Background: The Hispanic Millennial Project is a joint research study developed by market research firm ThinkNow Research and ad agency Sensis. The study develops a better understanding of U.S. Hispanic Millennials. The research delves into health and healthcare topics to identify key points of contrast between Hispanic Millennials and their non-Hispanic cohorts and focuses on attitudes towards stress, diet, exercise, social connections and other health related factors.
Program background: For example, non-Hispanic White millennials reported overall stress levels 27% higher than their Hispanic counterparts. Hispanic culture may play a factor in their overall health since having close family ties and large, supportive social networks, hallmarks of Hispanic culture, correlates with lower levels of stress. Other pro-health behaviors Hispanic Millennials engage in include a 10% greater likelihood to watch their weight and a lower likelihood to consume alcohol or smoke than non-Hispanic Whites. Hispanic millennials were also 20% more likely to say they exercise regularly. When seeking out healthy foods “organic” seems to resonate more among Hispanic Millennials as they’re 25% more likely to research them online and are willing to pay more for organic products than non-Hispanic Whites. This matches Hispanics’ overall preference for less-processed, more natural food. Overall, Hispanic Millennials are more concerned with food healthfulness while non-Hispanic White Millennials are more concerned with ethical farming practices.
Evaluation Methods and Results: A nationwide online survey was conducted in June 2014 with a total of 908 respondents: 302 were Hispanic Millennials (ages 18- 34), 305 were Hispanics 35 and older and 301 were non-Hispanic White Millennials (ages 18-34).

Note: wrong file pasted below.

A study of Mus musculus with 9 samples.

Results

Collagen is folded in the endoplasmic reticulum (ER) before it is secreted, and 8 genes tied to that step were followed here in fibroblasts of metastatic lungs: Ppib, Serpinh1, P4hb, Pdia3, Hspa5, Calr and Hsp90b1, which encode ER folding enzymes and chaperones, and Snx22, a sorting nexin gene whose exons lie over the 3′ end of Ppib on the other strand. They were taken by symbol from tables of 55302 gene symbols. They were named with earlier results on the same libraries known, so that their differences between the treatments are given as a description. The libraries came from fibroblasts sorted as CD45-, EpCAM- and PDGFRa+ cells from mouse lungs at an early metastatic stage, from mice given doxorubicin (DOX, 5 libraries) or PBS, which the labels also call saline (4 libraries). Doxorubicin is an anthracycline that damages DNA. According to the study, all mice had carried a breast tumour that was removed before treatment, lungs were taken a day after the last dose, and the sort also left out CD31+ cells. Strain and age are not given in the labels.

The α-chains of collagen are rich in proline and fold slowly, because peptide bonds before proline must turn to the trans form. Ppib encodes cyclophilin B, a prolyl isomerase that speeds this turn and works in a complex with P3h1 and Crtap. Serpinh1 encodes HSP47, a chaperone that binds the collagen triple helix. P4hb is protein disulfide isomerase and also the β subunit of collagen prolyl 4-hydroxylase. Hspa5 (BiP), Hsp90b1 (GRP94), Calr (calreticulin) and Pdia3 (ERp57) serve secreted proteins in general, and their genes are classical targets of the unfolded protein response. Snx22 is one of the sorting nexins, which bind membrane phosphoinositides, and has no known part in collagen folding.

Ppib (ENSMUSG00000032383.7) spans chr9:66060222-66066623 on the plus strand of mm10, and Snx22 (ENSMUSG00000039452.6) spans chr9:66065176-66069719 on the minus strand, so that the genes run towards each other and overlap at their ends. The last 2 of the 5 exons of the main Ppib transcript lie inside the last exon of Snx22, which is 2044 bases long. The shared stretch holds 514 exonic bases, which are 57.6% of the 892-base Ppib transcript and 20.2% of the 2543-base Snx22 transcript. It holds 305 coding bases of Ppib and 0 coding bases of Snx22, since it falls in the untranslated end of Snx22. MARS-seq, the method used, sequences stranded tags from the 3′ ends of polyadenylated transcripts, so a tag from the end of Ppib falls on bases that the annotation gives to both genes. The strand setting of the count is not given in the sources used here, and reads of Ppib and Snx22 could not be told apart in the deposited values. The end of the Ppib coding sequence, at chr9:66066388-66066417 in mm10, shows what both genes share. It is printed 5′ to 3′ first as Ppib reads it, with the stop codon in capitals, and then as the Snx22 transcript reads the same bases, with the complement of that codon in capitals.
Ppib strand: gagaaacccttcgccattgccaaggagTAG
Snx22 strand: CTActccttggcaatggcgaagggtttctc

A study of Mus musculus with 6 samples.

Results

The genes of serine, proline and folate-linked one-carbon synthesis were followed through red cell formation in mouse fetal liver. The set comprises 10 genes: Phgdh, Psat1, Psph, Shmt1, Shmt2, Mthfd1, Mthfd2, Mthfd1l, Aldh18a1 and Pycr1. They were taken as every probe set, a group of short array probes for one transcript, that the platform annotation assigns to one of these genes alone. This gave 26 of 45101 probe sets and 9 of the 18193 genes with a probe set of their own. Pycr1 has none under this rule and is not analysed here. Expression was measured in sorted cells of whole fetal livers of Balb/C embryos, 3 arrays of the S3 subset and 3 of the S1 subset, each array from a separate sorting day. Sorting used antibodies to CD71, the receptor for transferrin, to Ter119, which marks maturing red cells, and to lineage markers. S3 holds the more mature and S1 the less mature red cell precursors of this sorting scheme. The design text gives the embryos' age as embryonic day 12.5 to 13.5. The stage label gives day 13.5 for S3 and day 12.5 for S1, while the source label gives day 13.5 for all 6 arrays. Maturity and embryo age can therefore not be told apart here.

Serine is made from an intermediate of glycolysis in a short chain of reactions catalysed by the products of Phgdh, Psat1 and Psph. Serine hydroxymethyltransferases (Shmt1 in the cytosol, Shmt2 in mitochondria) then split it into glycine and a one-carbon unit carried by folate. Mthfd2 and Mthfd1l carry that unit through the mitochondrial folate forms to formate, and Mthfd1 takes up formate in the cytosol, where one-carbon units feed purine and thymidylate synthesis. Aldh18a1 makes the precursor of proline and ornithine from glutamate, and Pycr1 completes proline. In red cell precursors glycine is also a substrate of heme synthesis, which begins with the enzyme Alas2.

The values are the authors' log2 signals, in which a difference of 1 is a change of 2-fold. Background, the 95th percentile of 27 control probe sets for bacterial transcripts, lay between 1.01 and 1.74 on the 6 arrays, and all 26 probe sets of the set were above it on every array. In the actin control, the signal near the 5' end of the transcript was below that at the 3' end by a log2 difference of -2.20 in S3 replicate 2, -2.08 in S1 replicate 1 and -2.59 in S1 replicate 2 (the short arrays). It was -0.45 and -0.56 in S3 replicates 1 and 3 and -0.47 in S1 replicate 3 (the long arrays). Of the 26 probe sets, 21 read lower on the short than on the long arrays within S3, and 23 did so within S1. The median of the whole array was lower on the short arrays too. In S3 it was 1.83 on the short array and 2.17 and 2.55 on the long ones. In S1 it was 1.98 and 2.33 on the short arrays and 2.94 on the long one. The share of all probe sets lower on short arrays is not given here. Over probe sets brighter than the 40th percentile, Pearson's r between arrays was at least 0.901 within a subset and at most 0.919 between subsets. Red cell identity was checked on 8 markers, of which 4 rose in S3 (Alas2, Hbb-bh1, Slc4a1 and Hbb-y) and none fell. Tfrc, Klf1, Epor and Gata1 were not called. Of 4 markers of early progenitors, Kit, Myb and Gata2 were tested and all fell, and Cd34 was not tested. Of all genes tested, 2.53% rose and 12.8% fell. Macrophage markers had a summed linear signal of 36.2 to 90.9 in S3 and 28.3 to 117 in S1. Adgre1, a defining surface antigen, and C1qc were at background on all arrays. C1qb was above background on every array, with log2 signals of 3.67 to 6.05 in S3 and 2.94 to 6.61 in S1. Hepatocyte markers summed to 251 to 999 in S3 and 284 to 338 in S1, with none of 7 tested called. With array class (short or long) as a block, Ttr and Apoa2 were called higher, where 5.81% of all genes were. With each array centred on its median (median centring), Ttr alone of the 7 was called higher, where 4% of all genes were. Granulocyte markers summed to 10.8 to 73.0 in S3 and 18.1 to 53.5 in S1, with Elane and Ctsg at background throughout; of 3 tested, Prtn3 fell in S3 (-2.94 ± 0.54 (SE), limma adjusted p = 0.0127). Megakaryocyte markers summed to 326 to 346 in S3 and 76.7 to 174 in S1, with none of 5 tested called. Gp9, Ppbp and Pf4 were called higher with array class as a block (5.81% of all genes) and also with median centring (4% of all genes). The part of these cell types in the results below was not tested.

Conclusions: The research indicates that Hispanic Millennials: 1) have sophisticated health attitudes; 2) are cautiously optimistic about health; 3) are engaged in healthy lifestyles; 4) embrace health technology; 5) trust doctors to a degree; 6) are widely insured; and 7) predominantly favor the Affordable Care Act.
Implications for research and/or practice: On the one hand, the data suggests that Hispanics Millennials are at the forefront of the well-documented health “craze” sweeping the nation. On the other hand, Hispanic Millennials’ cultural views about health are rooted in traditional ideas inherited from their older Hispanic cohorts, while they clearly diverge from these conventional notions. While they clearly diverge from these conventional notions, they are reinventing them at the same time. The research identifies points of tension for Hispanic Millennials where Hispanic culture or expected behavior conflicts with actual behavior.